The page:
The article by Keith Frankish dwells on the phenomenon of human consciousness and provides arguments for the theory, which views consciousness as an illusion. The idea behind this theory relies on the way our brains process information from the outside world to create a representation of the reality within which people function. However, the properties that people attribute to real-life objects are not necessarily there, and many of these features are created artificially as they are only features of human perception.
Examples, which are frequently used in the article are the perception of the redness of the apple, the perception of pain after stabbing the toe, and the smell of rose. The author refers to the works of other psychologists and neuroscientists who reinforce the notion that the apple that we see and perceive as red may not possess any properties associated with its color (Frankish, 2019). It is just the way our vision is wired and the way it reacts to the stimuli of the light reflected from the apple. This feature of our brain is designed to simplify our interactions with the real world in the same way the desktop of a computer is designed for users to use it without knowing everything behind the actual processes within the computer.
Such argument about the nature of the real world referred to ancient philosophy when thinkers like Aristotle tried to define the nature of things. He concluded that all the entities that people encounter in the world are substantial and consist of two things – form and matter. Substance theory sometimes referred to as substance–attribute theory, is an ontological hypothesis that all objects are made of a substance and characteristics carried by but distinct from the substance. In this role, a substance can be referred to as the substratum or a thing-in-itself. Substances are ontologically independent particulars: they possess the capacity for self-existence.
Aristotle’s legacy has influenced the philosophers for generations to follow. With further development of science and neurological discoveries, the philosophy has come up with a new definition to the effect, which acts as a foundation of illusionists theory. The subjective human experience of the objective reality and its attribution of certain qualities have been known as ‘qualia’ or ‘phenomenal properties’.
There are ways in which the subjective nature of our perception can be tested. For example, the hollow face illusion has been widely used to understand the difference in visual perception and action. The illusion tricks our brain when the hollow mask where the nose of the face is sticking in instead of out. Therefore, human brains reject perceiving an image as a face with an inward nose because all the faces it has ever seen throughout life are different. Hence, by rejecting the possibility of something being so unusual, people cannot see what the mask actually is. This correlates with what is being said in the article about the phenomenal properties that people attribute to the objects based on their previous experiences and associations.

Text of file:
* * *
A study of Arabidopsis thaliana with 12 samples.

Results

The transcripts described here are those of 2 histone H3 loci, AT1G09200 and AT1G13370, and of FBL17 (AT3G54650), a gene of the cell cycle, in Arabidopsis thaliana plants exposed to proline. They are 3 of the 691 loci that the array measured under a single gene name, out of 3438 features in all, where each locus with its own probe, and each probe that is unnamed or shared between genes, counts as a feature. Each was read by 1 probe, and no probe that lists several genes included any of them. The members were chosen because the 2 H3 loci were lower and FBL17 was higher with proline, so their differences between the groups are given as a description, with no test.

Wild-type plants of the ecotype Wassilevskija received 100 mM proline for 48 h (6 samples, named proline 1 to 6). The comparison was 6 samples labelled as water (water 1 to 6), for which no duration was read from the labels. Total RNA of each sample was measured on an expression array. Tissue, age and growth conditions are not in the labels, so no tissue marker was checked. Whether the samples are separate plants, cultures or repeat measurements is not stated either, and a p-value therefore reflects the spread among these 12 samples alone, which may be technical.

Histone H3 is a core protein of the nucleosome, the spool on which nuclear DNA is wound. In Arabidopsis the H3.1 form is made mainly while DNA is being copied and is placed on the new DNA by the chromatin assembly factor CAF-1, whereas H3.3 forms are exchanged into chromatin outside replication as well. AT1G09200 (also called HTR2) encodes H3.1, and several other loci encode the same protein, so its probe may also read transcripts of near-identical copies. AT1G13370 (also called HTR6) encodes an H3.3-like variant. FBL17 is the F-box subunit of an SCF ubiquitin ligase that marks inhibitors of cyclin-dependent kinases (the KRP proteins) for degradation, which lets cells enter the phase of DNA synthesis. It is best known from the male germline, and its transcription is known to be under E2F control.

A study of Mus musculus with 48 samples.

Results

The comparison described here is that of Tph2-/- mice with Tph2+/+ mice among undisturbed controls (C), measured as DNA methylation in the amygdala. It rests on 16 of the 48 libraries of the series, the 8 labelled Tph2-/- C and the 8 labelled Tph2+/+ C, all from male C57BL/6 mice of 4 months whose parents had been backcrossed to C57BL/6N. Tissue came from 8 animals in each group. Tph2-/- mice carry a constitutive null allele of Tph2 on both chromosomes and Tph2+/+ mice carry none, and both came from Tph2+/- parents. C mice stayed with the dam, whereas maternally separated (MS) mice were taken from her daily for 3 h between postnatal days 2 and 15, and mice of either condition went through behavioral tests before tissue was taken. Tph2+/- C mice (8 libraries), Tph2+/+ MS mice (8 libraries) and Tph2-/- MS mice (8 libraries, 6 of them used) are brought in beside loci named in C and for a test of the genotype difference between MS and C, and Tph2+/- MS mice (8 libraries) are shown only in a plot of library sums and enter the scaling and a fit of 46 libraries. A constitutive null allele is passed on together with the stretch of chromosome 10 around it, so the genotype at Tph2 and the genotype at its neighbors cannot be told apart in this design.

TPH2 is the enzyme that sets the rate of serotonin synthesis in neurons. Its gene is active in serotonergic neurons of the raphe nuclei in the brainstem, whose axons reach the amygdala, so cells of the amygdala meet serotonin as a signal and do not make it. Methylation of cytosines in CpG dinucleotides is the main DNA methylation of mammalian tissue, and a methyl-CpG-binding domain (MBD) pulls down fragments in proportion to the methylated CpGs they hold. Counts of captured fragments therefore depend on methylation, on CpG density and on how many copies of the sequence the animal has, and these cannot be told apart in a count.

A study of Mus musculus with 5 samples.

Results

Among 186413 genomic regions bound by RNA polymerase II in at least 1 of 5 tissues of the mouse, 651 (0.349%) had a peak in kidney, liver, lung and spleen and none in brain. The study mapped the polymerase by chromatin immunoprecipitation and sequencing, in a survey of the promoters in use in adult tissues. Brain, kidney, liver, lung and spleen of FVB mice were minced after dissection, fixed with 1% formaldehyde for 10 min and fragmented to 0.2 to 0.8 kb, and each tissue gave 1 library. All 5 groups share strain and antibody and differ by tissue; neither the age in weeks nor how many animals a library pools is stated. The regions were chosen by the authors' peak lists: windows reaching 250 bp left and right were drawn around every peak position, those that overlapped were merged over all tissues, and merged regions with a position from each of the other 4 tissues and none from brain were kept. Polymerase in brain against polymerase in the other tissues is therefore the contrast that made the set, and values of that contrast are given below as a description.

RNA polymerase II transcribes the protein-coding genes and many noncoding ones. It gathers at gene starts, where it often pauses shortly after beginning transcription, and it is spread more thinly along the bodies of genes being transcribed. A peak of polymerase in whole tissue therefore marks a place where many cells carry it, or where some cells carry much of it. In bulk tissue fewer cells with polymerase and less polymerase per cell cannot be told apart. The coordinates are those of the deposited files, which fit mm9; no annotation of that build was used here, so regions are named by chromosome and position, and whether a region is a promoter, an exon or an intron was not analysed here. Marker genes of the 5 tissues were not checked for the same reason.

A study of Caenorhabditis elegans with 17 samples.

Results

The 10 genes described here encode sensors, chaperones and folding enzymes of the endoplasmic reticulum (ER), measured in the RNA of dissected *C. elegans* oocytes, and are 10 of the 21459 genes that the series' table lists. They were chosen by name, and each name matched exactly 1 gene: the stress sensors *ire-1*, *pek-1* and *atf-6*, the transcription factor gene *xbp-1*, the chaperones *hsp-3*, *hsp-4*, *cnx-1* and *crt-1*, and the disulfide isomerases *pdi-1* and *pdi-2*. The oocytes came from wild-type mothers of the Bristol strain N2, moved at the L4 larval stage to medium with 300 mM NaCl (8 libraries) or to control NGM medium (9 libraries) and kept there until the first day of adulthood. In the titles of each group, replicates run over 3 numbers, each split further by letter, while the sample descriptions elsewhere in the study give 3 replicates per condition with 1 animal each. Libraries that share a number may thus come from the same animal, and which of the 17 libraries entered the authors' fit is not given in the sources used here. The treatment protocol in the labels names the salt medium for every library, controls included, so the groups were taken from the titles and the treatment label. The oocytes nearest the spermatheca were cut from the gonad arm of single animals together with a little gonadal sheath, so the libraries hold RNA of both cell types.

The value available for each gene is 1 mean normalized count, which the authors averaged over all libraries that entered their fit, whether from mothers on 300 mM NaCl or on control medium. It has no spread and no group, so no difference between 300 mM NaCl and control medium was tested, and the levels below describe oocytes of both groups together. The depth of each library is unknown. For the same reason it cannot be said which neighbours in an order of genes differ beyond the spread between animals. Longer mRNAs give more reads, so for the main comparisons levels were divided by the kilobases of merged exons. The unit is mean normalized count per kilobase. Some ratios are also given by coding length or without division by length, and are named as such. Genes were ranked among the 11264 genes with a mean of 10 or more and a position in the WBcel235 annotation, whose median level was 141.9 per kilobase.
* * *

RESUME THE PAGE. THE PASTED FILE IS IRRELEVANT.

In the article, the author elaborates on the reasons why our brains function like that. Although the properties are not there, they still serve human consciousness some function. This function is based on the certain conclusions that people draw from an object’s features that allow them to interact with an outside world effectively. Nevertheless, those qualities remain to be illusory, meaning that we operate in some sort of virtual realm created by our consciousness.
However, the article provides two counterarguments to the theory, which leaves readers confused. There are two realistic theories, which can act as an opposition to the illusionistic theory. The first one is phenomenal dualism, and it states that the human brain holds both physical and nonphysical properties. In other words, science describes the world as it is, but our brain provides us with extra information. The author states that nonphysical features do not have any effect on human behavior, so phenomenal dualism is invalid (Frankish, 2019). Personally, this theory seems the most convincing to me, but it is debunked in the article.
Indeed, the discussion about the nature of reality and the extent to which people can be confident in their adequate perception is ongoing in the scientific world. Our brains are very complex organs, which are not entirely studied. This leaves room for theories such as the illusionistic theory, which point out the possible flaws of the human consciousness in describing reality. In my opinion, the illusionistic theory is incomplete as it solely describes the paradox, which our brain has in its operations. The strongest counterargument to it is the existence of physical laws, which are also the product of observations and experiments of a delusional human consciousness. Therefore, constructing and discussing theories such as this can be considered a mental exercise, but it does not lead to any valid conclusions, which would affect human behavior.
Frankish, K. (2019). The consciousness illusion. Phenomenal Consciousness is a Fiction Written by Our Brains to Help Us Track the Impact that the World Makes on Us. Aeon, NW, Ed, 26.